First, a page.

Draghi Sees Signs of Stabilization Despite Tough Economy
“The European Union is the new sick man of Europe,” began the overview of a recent Pew Research report. “The effort over the past half century to create a more united Europe is now the principal casualty of the euro crisis. The European project now stands in disrepute across much of Europe.” The term “sick man of Europe” was first used by Tsar Nicholas I of Russia in the 19th century to describe the Ottoman Empire because it was increasingly falling under financial control of the European powers. Now, with a headline unemployment rate of a record 12.1 percent in the 17-member euro area and International Monetary Fund projecting that euro area gross domestic product will contract 0.3 percent in 2013, the economy is clearly what is plaguing the European Union.
All of this bad news has left many Europeans feeling as pessimistic as ever about their current situation and future prospects. But European Central Bank President Mario Draghi said at a speech in Shanghai on Monday that even though the economic outlook of the euro zone is “challenging,” he still believes the economic recovery will begin this year.
“There are a few signs of a possible stabilization,” Draghi said, according to the text of the speech provided by the Frankfurt-based central bank. “Our baseline scenario continues to be one of a very gradual recovery starting in the latter part of this year.” Still, after he dropped the ECB’s benchmark interest rate to a record low of 0.5 percent last month, the central bank’s president indicated that he will cut again if the economic data worsens. While unemployment did spike in April, most economists surveyed by Bloomberg said they did not expect the ECB’s Governing Council to lower borrowing costs at its upcoming June 6 meeting.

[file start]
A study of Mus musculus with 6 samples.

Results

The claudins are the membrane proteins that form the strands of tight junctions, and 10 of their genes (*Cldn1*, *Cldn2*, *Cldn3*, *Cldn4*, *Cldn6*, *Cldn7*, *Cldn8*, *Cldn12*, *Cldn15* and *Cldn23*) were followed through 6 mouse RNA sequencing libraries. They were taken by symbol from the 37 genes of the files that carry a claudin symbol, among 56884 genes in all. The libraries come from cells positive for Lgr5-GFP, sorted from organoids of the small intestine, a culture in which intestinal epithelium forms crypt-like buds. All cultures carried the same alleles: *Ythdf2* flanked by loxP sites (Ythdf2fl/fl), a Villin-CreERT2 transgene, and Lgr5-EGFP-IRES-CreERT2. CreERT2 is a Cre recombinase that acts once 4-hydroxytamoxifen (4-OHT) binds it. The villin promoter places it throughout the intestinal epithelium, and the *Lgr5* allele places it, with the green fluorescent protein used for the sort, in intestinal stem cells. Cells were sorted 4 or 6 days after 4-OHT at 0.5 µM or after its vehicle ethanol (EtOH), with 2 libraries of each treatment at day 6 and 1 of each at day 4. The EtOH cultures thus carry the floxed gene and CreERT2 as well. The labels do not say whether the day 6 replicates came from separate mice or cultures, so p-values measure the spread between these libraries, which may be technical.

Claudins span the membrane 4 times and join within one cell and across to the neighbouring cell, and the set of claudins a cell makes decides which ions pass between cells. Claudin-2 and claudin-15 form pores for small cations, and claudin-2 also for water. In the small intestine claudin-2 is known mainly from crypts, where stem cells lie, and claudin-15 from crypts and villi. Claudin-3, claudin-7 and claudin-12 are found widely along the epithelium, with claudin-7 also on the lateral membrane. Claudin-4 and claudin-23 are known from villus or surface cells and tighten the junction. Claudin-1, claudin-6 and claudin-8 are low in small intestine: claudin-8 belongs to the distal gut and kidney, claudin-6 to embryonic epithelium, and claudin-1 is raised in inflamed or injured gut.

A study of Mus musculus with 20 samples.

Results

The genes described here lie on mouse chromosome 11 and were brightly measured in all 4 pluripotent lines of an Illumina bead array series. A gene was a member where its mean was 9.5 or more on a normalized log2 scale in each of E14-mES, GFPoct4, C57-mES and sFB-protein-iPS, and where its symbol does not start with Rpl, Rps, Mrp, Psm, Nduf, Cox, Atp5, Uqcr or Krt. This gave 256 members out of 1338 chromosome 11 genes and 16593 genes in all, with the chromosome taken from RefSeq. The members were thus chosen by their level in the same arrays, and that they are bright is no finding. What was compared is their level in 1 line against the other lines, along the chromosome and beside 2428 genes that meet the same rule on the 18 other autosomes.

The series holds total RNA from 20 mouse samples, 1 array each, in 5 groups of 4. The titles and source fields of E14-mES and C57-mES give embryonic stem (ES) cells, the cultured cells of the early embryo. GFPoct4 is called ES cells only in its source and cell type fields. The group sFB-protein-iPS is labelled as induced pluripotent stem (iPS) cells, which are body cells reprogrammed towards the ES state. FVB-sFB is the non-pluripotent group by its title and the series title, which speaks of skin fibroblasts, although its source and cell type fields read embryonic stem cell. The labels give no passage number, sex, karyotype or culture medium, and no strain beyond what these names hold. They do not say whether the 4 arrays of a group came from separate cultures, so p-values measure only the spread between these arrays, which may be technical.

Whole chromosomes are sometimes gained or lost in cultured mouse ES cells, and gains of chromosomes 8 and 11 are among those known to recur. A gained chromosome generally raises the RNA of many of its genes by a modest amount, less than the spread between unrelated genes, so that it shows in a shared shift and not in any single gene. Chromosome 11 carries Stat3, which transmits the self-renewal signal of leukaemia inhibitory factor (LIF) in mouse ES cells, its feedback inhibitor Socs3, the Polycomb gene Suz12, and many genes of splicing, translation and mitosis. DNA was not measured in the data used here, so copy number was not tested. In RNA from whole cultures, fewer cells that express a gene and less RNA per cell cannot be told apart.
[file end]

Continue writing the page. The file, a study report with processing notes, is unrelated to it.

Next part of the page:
“The drivers of such a gradual recovery are the highly accommodative monetary policy and export growth, caused by growing foreign demand,” Draghi said. Recent stock market gains are “benefiting virtually all economic agents, including corporations, banks and households,” he added.
Also on the central bank’s agenda is the asset-quality review of European banks. Before it takes over responsibility for supervision next year, any capital shortfalls will need to be made up by governments or the region’s bailout fund, said Draghi. Because the financial sector is the intermediary between the ECB’s monetary policy and the real economy, banks across the euro region must be open about the risk that remain on their balance sheets. That transparency is a prerequisite for restoring “lasting health” in the banking sector, he said, adding that the central bank can’t help lenders recapitalize.
“It is –- first and foremost –- the responsibility of shareholders to ensure that their bank is solvent and able to sustain its core business,” Draghi said. “And if the private sector is unable or unwilling to provide the capital necessary to achieve solvency, it is for the fiscal and regulatory authorities to decide whether and how to act.”
During the speech, Draghi also defended the ECB’s bond-buying plan, dubbed Outright Monetary Transactions, which enables the central bank to purchase bonds of euro zone member countries to bring down their borrowing costs. The program, which as announced in mid-2012, has made the euro area a “more stable and resilient place to invest in than it was a year ago,” Draghi said. “This important improvement largely reflects the removal of unwarranted fears of a systemic collapse of monetary union that was previously priced in by markets.” But the German Constitutional Court is still determining whether the bond-buying plan is compatible with German primary law and a hearing will be held later this month.